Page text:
Retrospective Analysis of Look-alike and Sound-alike Drug Incidents in a Tertiary Care Hospital

Published on:April 2021
Indian Journal of Pharmacy Practice, 2021; 14(2):114-117
Original Article | doi:10.5530/ijopp.14.2.21


Retrospective Analysis of Look-alike and Sound-alike Drug Incidents in a Tertiary Care Hospital


Authors and affiliation (s):

Priti P. Dhande1,*, Akshay V. Mule2, Akshay P. Chaudhari2

1Professor in Pharmacology, Bharati Vidyapeeth (DTU) Medical College, Pune-Satara Road, Pune, Maharashtra, INDIA.

2Clinical Pharmacist, Bharati Hospital and Research Centre, Pune-Satara Road, Pune, Maharashtra, INDIA.

Abstract:

Background: Drug names or their appearances are sometimes confusing to the healthcare professionals. These look-alike and sound-alike drugs have the risk of being wrongly used in patients leading to medication errors. Lists of such drugs are available from authorized sources to refer and implement cautions while using them for preventing harm to patients. However, there is always a chance of more possibilities of drugs which can be included in LASA category based on the different brands of drugs available in each country. Objectives: This study was planned to search out LASA drug related errors in a tertiary care hospital in Western India. Materials and Methods: Medication errors reported by Clinical Pharmacists for a duration of Feb 2017 to Feb 2020 were studied to list out LASA drugs related errors and these were then evaluated. Preventive strategies were developed to avoid similar errors in future in the study setup. Results: Out of total 1311 errors reported during the study duration of 3 years, 35 (2.67%) were LASA drug incidences. Majority of these errors were dispensing errors and of “Near miss” category 74.28% and most (24) of the errors were due to phonetically sound-alike drugs (68.57%). Dispensing errors (16) were most commonly associated with these LASA drug incidences followed by computer indenting errors (08). Conclusion: LASA drug incidences amounted to a small proportion of total medication errors but have to be considered seriously as they can be harmful to the patient if not identified on time.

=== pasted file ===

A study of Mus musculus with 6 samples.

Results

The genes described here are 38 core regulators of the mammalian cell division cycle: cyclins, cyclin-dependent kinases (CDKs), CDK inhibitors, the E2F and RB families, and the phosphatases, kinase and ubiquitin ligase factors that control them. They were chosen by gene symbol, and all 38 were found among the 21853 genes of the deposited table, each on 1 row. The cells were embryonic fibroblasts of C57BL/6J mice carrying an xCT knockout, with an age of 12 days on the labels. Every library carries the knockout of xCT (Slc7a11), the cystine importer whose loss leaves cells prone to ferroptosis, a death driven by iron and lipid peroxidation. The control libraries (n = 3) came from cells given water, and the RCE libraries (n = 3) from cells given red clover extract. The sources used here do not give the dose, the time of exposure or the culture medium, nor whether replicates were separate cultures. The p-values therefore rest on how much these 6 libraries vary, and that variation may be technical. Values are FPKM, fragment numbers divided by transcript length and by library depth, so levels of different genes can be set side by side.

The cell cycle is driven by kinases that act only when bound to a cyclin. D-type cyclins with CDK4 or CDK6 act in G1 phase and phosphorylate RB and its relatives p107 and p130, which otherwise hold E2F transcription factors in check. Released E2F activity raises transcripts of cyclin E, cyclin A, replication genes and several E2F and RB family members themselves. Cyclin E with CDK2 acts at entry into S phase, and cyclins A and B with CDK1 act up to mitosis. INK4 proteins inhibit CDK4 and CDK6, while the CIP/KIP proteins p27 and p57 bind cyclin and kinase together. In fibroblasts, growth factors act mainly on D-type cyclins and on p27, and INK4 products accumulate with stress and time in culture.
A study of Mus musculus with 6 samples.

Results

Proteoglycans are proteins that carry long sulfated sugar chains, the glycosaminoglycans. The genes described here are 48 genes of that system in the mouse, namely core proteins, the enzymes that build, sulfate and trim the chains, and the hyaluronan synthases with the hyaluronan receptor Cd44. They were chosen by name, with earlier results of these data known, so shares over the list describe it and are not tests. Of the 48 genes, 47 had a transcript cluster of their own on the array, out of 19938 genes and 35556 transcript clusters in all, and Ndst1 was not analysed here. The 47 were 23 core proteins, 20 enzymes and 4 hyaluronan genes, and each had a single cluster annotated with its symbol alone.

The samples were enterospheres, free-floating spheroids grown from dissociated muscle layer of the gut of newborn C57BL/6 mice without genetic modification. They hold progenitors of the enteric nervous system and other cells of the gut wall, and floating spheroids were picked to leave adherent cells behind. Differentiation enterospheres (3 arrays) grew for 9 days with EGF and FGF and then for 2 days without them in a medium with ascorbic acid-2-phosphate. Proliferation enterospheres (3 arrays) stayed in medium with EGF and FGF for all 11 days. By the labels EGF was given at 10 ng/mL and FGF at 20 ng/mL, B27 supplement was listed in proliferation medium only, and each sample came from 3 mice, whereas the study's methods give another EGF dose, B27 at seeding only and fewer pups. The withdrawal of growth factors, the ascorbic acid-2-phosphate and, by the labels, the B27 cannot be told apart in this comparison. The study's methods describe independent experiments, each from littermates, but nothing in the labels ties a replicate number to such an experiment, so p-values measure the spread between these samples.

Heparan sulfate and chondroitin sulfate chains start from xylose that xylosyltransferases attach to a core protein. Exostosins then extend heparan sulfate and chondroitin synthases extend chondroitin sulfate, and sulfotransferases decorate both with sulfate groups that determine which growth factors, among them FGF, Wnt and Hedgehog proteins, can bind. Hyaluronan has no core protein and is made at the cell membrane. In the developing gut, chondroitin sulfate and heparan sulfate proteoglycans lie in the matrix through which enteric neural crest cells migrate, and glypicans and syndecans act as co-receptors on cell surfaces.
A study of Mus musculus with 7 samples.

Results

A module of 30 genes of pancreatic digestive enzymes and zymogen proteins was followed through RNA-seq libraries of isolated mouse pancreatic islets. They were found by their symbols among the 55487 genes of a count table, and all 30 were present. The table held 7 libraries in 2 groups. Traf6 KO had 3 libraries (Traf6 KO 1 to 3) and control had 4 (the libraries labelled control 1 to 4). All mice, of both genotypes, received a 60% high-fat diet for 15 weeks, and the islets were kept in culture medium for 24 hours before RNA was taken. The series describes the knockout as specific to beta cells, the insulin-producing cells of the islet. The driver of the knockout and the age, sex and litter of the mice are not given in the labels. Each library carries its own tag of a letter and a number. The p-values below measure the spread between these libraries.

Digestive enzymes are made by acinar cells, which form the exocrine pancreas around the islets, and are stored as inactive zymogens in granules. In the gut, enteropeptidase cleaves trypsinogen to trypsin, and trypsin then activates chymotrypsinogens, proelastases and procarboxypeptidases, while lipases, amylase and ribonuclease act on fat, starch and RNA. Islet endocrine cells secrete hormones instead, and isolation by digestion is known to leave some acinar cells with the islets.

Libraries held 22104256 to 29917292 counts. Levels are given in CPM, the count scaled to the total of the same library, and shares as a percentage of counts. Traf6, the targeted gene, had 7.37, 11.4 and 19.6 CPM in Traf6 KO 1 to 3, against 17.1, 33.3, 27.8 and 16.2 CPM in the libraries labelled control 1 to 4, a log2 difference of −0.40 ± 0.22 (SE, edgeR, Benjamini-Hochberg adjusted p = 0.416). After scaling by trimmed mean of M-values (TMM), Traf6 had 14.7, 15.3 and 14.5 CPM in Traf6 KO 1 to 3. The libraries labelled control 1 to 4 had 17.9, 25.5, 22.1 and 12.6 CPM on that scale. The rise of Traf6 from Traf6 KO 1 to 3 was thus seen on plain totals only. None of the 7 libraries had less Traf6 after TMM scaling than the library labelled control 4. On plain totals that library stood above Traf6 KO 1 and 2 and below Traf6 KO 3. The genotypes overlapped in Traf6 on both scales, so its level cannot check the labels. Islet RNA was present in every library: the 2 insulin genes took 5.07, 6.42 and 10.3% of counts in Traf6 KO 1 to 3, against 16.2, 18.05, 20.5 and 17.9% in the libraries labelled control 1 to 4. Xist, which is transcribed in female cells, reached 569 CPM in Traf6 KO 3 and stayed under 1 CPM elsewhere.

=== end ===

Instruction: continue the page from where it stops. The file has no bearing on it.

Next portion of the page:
Key words: Medication errors, Look-alike, Sound-alike, Dispensing, Drug administration.




 

The Official Journal of Association of Pharmaceutical Teachers of India (APTI)
(Registered under Registration of Societies Act XXI of 1860 No. 122 of 1966-1967, Lucknow)

Indian Journal of Pharmacy Practice (IJOPP) [ISSN-0974-8326] is the official journal of Association of Pharmaceutical Teachers of India (APTI) and is being published since 2008.